Freedom of expression is a right guaranteed by the U.S. constitution, but with traditional methods of protest and expression of opinion becoming more and more obsolete, it’s no wonder that many people find standing around with signs poking into the air a waste of time and symbolism. However, the first amendment is back in action and here to stay thanks to the newest way to raise your picket – the blog.
In basic terms, blogs are online diaries where the public can read individuals thoughts on particular subjects and make comments or share further information. While I have myself just recently discovered the true identity of this four-letter word, it has dawned on me that blogs serve a great purpose by allowing everyday people to share their views about the government, press, religion or MTV’s “Pimp my Ride.” Blogs are becoming popular because they extend the right of freedom of expression and give the ordinary person a voice in world events. Anyone from a twelve-year-old Eminem wannabe to a political analyst with a Ph.D. can have a blog. All they need is a bit of knowledge about the Internet and access to their local library.
Lately, blogs are being used as watchdogs of the press and government, with the ability to point out flaws in news stories or post feedback about every political ripple. They have been able to break news before the traditional media, oust one of America’s most prominent news anchors and have even gained access to White House press conferences. The recent introduction of bloggers has given many journalists a run for their money because as print and broadcast news consumers become fewer and fewer, blog users and Web site hits exponentially rise. However, no matter how popular they get, bloggers will ultimately play a different role in the media world because they are autonomous from editors, advertisers and the kind of rules journalists are bound to – forming a different type of product for the public to digest.
Here at GW, it is not obvious that everyone is as attached to a blog as they are to their Facebook profile or AIM away message. I think it is only a matter of time, however, before checking blogs becomes as generic as sending an e-mail. Two popular free blog sites are blogger.com and livejournal.com, where anyone can go start their own blog and also search through others’ by topic. A group of students began a blog for the GW community (www.livejournal.com/community/the_gw_files/) where current and prospective students have posted complaints, advice and questions about going to school here on Foggy Bottom. If the Student Association were to start a blog for students to post their immediate reactions to a professor’s final exam, give a thumbs up or down to the medical amnesty initiative or complain about poor service in J Street, they could be really effective in gauging the pulse of the student population without the use of generic online surveys. Already, GW student leaders are using the idea of an Internet marketplace to create a site similar to Craigslist.org, which will make it easier for students to swap textbooks, furniture, post jobs and look for roommates all within the GW community.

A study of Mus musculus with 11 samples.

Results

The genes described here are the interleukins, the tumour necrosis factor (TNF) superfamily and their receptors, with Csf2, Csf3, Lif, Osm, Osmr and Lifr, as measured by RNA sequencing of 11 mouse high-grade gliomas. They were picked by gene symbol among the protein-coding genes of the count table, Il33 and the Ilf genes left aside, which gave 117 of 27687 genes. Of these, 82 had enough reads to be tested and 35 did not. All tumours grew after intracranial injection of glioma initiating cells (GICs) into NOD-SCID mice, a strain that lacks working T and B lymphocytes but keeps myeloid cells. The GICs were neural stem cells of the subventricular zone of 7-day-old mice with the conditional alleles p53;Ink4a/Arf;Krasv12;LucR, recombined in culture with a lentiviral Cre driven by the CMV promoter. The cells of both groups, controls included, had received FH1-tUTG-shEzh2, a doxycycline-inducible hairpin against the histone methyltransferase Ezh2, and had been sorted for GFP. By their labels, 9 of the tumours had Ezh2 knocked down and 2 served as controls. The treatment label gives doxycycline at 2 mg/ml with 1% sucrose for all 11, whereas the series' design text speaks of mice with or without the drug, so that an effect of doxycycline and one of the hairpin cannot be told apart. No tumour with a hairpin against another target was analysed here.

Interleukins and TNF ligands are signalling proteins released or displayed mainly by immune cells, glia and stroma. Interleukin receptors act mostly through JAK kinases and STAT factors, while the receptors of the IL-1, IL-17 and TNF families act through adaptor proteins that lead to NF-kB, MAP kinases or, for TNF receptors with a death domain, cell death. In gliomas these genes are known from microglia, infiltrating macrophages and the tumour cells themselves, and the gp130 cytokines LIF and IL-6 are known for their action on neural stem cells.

Clearly, we are a generation of the Internet and it has changed the way we socialize, the way we get to know each other and the amount of time we spend with real people versus small electronic boxes. The psychological effects of this upbringing cannot be completely understood now, but if blogs allow people to keep developing original thoughts and feel an affinity with others, then the world can’t help but move forward.
Back in January, after the inaugural parade, I was in a cab driving down Independence Avenue when my driver started laughing and pointed out the window at the overbearing, black steel barricades used for crowd and protestor control during the president’s parade. He said to me, “You know, I haven’t seen barricades like that since I left Africa.” At that moment it became frighteningly obvious that in the land of the free and the brave, our ability to physically show our opinion is now looked upon as a breach of security. However, with the use of the Internet, perhaps we can still hold onto our ideals, share our opinions and maintain our impact as citizens of the most idealistic nation in the world without steel bars stifling the ideas we have to share.
-The writer, a sophomore majoring in journalism, is a Hatchet columnist.
This article appeared in the May 5, 2005 issue of the Hatchet.